Korean Air Shareholders Vote to Remove Scandal-Plagued Chairman from Board

SEOUL – Korean Air shareholders voted on Wednesday against the re-election of the airline’s beleaguered chairman, Cho Yang-ho, as a director.

Almost three-quarters of the shareholders attended an annual meeting at the company headquarters in the capital Seoul, where 64 percent of them voted in favor of Cho’s reappointment, just short of the two-thirds required for the motion to be passed, the news agency Yonhap reported.

“Cho will retain his post as chairman of Korean Air but has lost his representative director position. So, he won’t participate in the decision-making process on the board of directors,” a company spokesperson told Yonhap.

The chairman of South Korea’s largest airline has been accused of avoiding inheritance tax and embezzling company funds.

The National Pension Service, owner of the second-largest stake in Korean Air at just over 12.5 percent, played an important role in his removal.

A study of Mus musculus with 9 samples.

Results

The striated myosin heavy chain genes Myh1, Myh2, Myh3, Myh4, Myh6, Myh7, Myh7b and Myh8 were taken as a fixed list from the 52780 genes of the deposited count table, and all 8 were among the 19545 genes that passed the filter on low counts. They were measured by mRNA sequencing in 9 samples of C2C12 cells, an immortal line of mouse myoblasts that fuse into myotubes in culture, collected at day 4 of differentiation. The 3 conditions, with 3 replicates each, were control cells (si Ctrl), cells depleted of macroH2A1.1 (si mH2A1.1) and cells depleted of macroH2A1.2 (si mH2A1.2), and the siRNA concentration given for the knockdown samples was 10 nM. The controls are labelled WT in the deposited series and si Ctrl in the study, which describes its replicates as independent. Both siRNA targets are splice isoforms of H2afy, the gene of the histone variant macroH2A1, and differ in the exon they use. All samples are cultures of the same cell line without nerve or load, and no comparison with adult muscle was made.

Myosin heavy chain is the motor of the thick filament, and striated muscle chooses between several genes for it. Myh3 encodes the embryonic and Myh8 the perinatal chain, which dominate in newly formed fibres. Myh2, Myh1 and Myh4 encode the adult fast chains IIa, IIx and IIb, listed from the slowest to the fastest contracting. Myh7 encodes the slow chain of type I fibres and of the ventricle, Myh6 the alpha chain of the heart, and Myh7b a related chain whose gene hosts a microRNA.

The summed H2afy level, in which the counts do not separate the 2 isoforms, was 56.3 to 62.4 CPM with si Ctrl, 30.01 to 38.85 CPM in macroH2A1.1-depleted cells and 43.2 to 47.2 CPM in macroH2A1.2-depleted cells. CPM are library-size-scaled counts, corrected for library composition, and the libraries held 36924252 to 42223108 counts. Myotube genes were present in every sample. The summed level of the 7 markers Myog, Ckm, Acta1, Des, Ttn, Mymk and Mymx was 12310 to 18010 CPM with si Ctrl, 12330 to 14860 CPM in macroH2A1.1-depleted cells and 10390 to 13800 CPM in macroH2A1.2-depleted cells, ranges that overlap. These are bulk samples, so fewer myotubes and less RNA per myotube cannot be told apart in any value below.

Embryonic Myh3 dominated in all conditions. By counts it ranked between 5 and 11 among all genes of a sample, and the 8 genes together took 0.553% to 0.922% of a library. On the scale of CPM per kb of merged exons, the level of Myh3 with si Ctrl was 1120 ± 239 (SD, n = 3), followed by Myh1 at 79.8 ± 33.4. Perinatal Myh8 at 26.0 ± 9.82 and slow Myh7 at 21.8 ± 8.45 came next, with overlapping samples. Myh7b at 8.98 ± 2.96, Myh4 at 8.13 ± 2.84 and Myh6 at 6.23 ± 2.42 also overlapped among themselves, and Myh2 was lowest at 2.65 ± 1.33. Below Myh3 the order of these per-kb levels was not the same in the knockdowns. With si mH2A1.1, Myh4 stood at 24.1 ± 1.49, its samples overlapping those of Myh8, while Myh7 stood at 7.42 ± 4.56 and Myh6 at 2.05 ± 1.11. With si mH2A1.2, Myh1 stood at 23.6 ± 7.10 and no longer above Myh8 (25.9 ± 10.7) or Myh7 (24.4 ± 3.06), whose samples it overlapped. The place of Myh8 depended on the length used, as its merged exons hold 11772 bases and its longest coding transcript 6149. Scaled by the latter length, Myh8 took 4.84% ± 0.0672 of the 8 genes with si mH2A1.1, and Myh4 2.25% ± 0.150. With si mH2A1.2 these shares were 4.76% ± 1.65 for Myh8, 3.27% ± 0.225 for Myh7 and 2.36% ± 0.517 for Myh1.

It voted against his reappointment, saying his record “hurt the corporate value and rights of shareholders” of the company.

The NPS is the world’s third-largest pension fund and South Korea’s largest institutional investor.

Cho and his family members have been involved in a series of scandals in recent years.

His wife was accused of physically and verbally abusing company staff and of employing domestic workers illegally.

Cho’s two daughters have also been in the spotlight for their behavior.

One of his daughters, Cho Hyun-min, a former senior executive at Korean Air, allegedly flew into a rage during a meeting in April last year and threw a glass at an advertising agency official and juice at several other participants.

Her elder sister, Cho Hyun-ah, a former vice president of the group, was sentenced to two years in prison in 2015 for forcing the return of a flight to the gate in 2014 to offload a flight attendant with whom she had an altercation.

Cho, members of his family members and those maintaining special relations with the company hold the largest stake in the company at 33.5 percent.